A seminarian pens an open letter to the Cooperative Baptist Fellowship.
By Lesley-Ann Hix
I was in elementary school when my church ordained one of our female ministers. We were excited. We even decorated her car. Someone painted, “Take that, Paige Patterson!” I asked my mom what it meant.
“She’s a woman,” she said. “And she just got ordained to be a minister.”
“So?” I asked. “Who’s Paige Patterson?”
She explained that Patterson didn’t believe women should be preachers. I remember thinking how ridiculous that was. I was sure I didn’t understand what was going on, but I did know that it seemed like the issue of women in ministry shouldn’t matter much. We were Baptists after all.
I came to seminary aware of my mom’s heartbreak. She graduated from Southeastern Baptist Theological Seminary in 1988, while her seminary was falling into the hands of people who did not believe she could be called into ministry. The experience was painful. I have seen some of the tears.
I am proud of my mother’s courage, but I didn’t intend on letting the fight she endured consume my story too. Just like other wide-eyed newbie ministers, I came to seminary hoping to find inspiration and conversation that would prepare me, along with my classmates, to solve the world’s problems. I wanted clarity for the progressive, creative identity I was looking to be a part of. What I found were lingering wounds.
While you as an organization are adamant about the affirmation of women in ministry, your churches show something different. I have classmates about to graduate who are interested in pastoring (or doing some ministry besides children’s ministry) who continue to hear, “Our congregation is just not ready for a female pastor.”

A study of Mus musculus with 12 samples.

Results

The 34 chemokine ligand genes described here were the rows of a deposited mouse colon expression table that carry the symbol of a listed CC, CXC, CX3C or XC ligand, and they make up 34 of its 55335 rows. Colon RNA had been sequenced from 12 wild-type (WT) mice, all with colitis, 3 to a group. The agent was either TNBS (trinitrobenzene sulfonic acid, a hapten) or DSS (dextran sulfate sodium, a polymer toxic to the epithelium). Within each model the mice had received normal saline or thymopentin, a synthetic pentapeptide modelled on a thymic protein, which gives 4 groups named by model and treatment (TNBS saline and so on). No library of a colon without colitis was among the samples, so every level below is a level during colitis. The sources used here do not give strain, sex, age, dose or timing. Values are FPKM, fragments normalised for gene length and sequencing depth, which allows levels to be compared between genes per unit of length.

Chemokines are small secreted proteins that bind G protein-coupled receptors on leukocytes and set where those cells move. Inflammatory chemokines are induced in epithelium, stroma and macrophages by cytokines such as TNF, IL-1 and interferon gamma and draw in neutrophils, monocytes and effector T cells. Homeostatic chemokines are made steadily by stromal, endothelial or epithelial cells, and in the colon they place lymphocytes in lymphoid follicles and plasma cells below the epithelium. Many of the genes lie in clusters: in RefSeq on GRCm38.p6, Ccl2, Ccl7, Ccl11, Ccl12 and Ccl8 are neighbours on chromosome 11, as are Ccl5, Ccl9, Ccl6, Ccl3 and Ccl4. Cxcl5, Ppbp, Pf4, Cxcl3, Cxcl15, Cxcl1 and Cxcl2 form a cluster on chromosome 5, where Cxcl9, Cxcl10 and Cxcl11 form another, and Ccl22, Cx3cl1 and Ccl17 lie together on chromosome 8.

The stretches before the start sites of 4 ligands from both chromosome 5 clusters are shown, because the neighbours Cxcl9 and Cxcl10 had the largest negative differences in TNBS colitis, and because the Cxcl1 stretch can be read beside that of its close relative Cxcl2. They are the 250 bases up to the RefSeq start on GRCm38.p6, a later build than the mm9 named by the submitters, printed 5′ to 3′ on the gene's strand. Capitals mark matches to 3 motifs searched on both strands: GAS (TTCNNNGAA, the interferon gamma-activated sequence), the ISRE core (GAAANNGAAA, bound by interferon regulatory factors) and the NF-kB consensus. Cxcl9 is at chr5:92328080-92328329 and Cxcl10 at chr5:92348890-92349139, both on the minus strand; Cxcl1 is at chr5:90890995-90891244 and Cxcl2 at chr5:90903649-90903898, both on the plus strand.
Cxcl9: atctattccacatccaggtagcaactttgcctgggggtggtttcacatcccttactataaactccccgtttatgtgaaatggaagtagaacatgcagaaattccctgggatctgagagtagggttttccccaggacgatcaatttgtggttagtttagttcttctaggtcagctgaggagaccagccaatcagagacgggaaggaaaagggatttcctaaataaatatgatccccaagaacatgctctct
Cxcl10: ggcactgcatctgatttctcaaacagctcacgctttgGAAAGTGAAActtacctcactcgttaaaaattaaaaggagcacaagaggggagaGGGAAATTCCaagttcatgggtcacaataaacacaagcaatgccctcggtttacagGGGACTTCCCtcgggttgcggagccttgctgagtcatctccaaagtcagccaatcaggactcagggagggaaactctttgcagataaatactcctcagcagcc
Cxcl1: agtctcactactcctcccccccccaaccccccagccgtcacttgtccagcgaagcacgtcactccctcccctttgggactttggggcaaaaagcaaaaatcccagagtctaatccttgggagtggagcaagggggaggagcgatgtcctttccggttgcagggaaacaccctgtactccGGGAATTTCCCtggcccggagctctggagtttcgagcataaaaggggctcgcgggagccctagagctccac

I want to yell, “Get over it!”
Right, CBF? If these congregations really are not ready to accept women as part of their ministerial leadership, then what are they doing as part of this Baptist group? This issue is one of which you are unapologetically certain. So my instinct is to challenge them to agree and accept or disagree and get out.
There is little else that identifies you. I’m not really sure what you think about biblical inerrancy. You don’t even approach the question of gay ministers. You are careful not to proclaim what you do actually believe.
But, CBF, I wish you would.
I love that my Baptist identity is all tied up in you, but this wishy-washiness is starting to get to me. I am just a few years older than you are, and I’m having a hard time pretending I care to focus anymore on that catastrophic event that pushed you into becoming your own movement.
The issue of female ministers gave you your definition 20 years ago, but it’s time to figure out who you are now, aside from those other Baptists. Tell me what you really think, and stop reacting against what you don’t like.
I grew up knowing that Paige Patterson was not like me: “I’m Baptist, but not that kind of Baptist.” But I could never say who was like me, so I had a hard time claiming a clear identity as a Christ-follower.
Progressive Baptists need to start giving the children growing up in our midst something to grab onto, something more than an identity crisis. So take a stand, CBF, on something more than just women in ministry.
Our generation is ready to have some different conversations. We want to embrace how God is moving in new ways, and we are hoping that you will lead us. I’m excited for when I can finally say, “I’m a CBF Baptist,” and have it mean something.
With love and hope,
OPINION: Views expressed in Baptist News Global columns and commentaries are solely those of the authors.